Unto This Last: A Novel About the Life of John Ruskin


“Men ought to be severely exercised and disciplined in daily life, they should learn to lie on stone beads and eat black soup, but they should never have their hearts broken – a noble heart, once broken, never mends.”

Rebecca Lipkin, The Arbuturian’s arts editor, offers an evocative portrait of one of the most remarkable Victorians, the art champion and critic turned social commentator and philosopher, John Ruskin, in her recently published and already critically acclaimed debut historical novel, Unto This Last.

Although in essence the work is a tribute to Ruskin, this epic love story does not steer away from the great man’s failings (which he himself did not), all the while shining a new light on his many complex personal relationships, namely with his domineering parents and his beautiful, enigmatic Irish pupil, Rose La Touche. This is the story of the misunderstood man behind the genius…

What People Are Saying

“This is an atmospheric and utterly convincing novel. Rebecca Lipkin has dug deep – has taken on the difficult story of Ruskin’s relationship with Rose La Touche, tackling the subject with great empathy in prose that is both detailed and vivid. A considerable achievement.” Michael Crowley, writer and dramatist.

“This novel enchanted me. Deeply researched and charmingly written, it resurrects not only John Ruskin, one of the most influential characters of the Victorian age, but his fascinating pupil Rose La Touche, who is portrayed so sensitively that you feel as though you know her.” Daisy Dunn, author of In the Shadow of Vesuvius: A Life of Pliny

Unto This Last draws the reader into the world of John Ruskin at a deeply felt, painful time in his life. Rebecca Lipkin’s thoughtful novel about this complicated man – and his often confusing world – is a pleasure to read and a very welcome addition for all lovers of Pre-Raphaelitism.” Lucinda Hawksley, biographer of Lizzie Siddal

Excerpt – Prologue

Ruskin chased the open carriage as it thundered across Westminster Bridge. Several times he very nearly lost sight of it, yet still he pursued the landau, drawn by a pair of sprightly grey mares. The tails of his frock coat flapped bird-like as he crossed the gustiest part of the bridge, while he could hardly avoid scuffing his fine leather boots when he stumbled in his hurry, for he had no time to look where he was going.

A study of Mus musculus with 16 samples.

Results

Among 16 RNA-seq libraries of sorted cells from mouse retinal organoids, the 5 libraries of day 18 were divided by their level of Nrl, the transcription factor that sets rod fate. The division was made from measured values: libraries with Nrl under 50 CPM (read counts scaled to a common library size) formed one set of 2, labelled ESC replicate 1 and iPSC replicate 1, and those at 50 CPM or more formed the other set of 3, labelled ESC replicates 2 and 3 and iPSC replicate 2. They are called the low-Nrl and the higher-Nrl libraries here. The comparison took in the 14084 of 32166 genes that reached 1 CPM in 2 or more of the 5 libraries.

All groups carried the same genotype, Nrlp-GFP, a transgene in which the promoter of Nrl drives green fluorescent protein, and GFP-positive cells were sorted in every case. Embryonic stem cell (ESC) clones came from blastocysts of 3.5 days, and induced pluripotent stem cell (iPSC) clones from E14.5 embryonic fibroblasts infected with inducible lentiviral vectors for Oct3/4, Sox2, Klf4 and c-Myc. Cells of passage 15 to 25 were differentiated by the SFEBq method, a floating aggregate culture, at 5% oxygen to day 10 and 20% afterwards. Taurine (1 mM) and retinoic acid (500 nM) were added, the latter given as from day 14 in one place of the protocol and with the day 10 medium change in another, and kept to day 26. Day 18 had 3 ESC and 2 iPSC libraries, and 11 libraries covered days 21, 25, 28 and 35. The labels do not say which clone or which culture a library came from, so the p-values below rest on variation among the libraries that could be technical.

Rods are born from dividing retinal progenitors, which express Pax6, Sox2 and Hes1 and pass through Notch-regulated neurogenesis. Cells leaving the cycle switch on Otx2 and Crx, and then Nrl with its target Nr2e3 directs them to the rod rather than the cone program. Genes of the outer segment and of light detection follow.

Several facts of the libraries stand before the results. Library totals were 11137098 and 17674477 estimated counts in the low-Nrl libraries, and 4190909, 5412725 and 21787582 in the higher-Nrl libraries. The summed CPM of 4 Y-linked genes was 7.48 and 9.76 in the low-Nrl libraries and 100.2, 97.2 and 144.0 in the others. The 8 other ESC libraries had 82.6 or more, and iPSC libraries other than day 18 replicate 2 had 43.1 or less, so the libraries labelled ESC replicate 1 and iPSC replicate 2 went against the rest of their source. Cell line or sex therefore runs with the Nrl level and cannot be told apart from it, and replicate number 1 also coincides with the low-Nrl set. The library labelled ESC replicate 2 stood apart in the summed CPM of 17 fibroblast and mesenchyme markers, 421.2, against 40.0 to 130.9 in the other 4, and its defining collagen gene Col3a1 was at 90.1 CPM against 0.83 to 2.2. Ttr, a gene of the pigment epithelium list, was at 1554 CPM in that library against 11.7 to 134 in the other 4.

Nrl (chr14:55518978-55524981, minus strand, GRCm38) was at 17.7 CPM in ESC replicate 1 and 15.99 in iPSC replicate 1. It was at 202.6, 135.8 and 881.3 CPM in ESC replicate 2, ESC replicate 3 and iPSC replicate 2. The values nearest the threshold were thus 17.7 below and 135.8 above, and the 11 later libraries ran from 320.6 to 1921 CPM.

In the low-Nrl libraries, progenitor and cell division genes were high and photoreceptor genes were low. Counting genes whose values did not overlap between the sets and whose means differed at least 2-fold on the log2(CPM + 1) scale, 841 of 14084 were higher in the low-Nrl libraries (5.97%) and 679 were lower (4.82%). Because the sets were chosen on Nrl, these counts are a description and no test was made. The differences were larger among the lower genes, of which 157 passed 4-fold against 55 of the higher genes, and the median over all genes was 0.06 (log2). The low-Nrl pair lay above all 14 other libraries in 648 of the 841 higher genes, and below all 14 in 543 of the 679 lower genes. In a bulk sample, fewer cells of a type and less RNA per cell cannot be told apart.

He did not consider what he would say or do if he should catch up with the vehicle, the simple desire to exchange a few words being enough to compel him onwards. He felt that he was fated not to allow this chance encounter to pass him by without at least attempting to seize it, a belief which fired him up and gave him a rush of energy he had not experienced since his youth.

Despite his limbs making him remember his age, he was possessed with an uncommon, exhilarating vitality, coupled with an excitement at the prospect of finally getting to see and speak to her that made him giddy.

A few spots of rain offered him the refreshment he needed, and though he could only see the back of her head and the fair hair which had ignited the chase, this urged him on when he could barely breathe for exhaustion.

The carriage eventually came to a standstill just after a mile when several milk carts blocked the Piccadilly thoroughfare. As the rain was worsening, the ladies asked the coachman to pull over to adjust the hood, a fortunate event which allowed Ruskin to stagger towards his goal, spent and breathless but ecstatic with success.

The canopy had not yet concealed the passengers by the time he approached, however he saw to his horror that he did not recognise either the two plump middle-aged women, nor the young lady, entirely plain with dull grey eyes who bore no resemblance to his dear one whatsoever.

On the contrary, the stranger’s blank face with nondescript features so repulsed him with its many dissimilarities that he could barely look on her, though she was smiling and blushing at him as though he were a sincere admirer, for she rightly assumed that she had been the reason for his maniacal pursuit.

‘Why, I do believe it’s Mr Ruskin?’ the eldest and roundest of the three women remarked, peering at him curiously and pressing her substantial bosom with false modesty.
‘Indeed,’ their pursuer admitted shamefully, running his fingers through his damp hair in abject humiliation.
‘Well, what an honour! Whatever can we do for you?’
Crestfallen, he stuttered an apology because he believed he ought and not because he felt sorry for causing them delay, ‘Forgive me, I mistook this lady for a friend,’ and withdrawing his arm from the door of the carriage on which he had momentarily rested, he fancied that his heart was bound to rupture from both the vigour of the exercise and the heartbreak of the reality.
The stupid-looking girl regarded him searchingly and at last enquired, ‘Is this how you greet your friends?’ prompting her companions to snigger at his expense.
‘This is my niece,’ the portly woman offered without needing to, her expression and tone having changed from one of warmth to brusqueness.
Ruskin, nodding curtly to the young woman, but without taking up the introduction said, ‘What a foolish error. I insist that you ladies go on your way, I have inconvenienced you enough already,’ and he turned to go without so much as bidding the startled party farewell. After all, he was more baffled by his actions than they.

He was a desperate man, never more so than when he faced the disappointment of having to watch the carriage, without his love in it, rumble down Half Moon Street, taking all hope of seeing her away with it.

Unto This Last: A Novel is available from all bookstores and online, ISBN 9781913208820. For more information about Rebecca Lipkin, visit her website.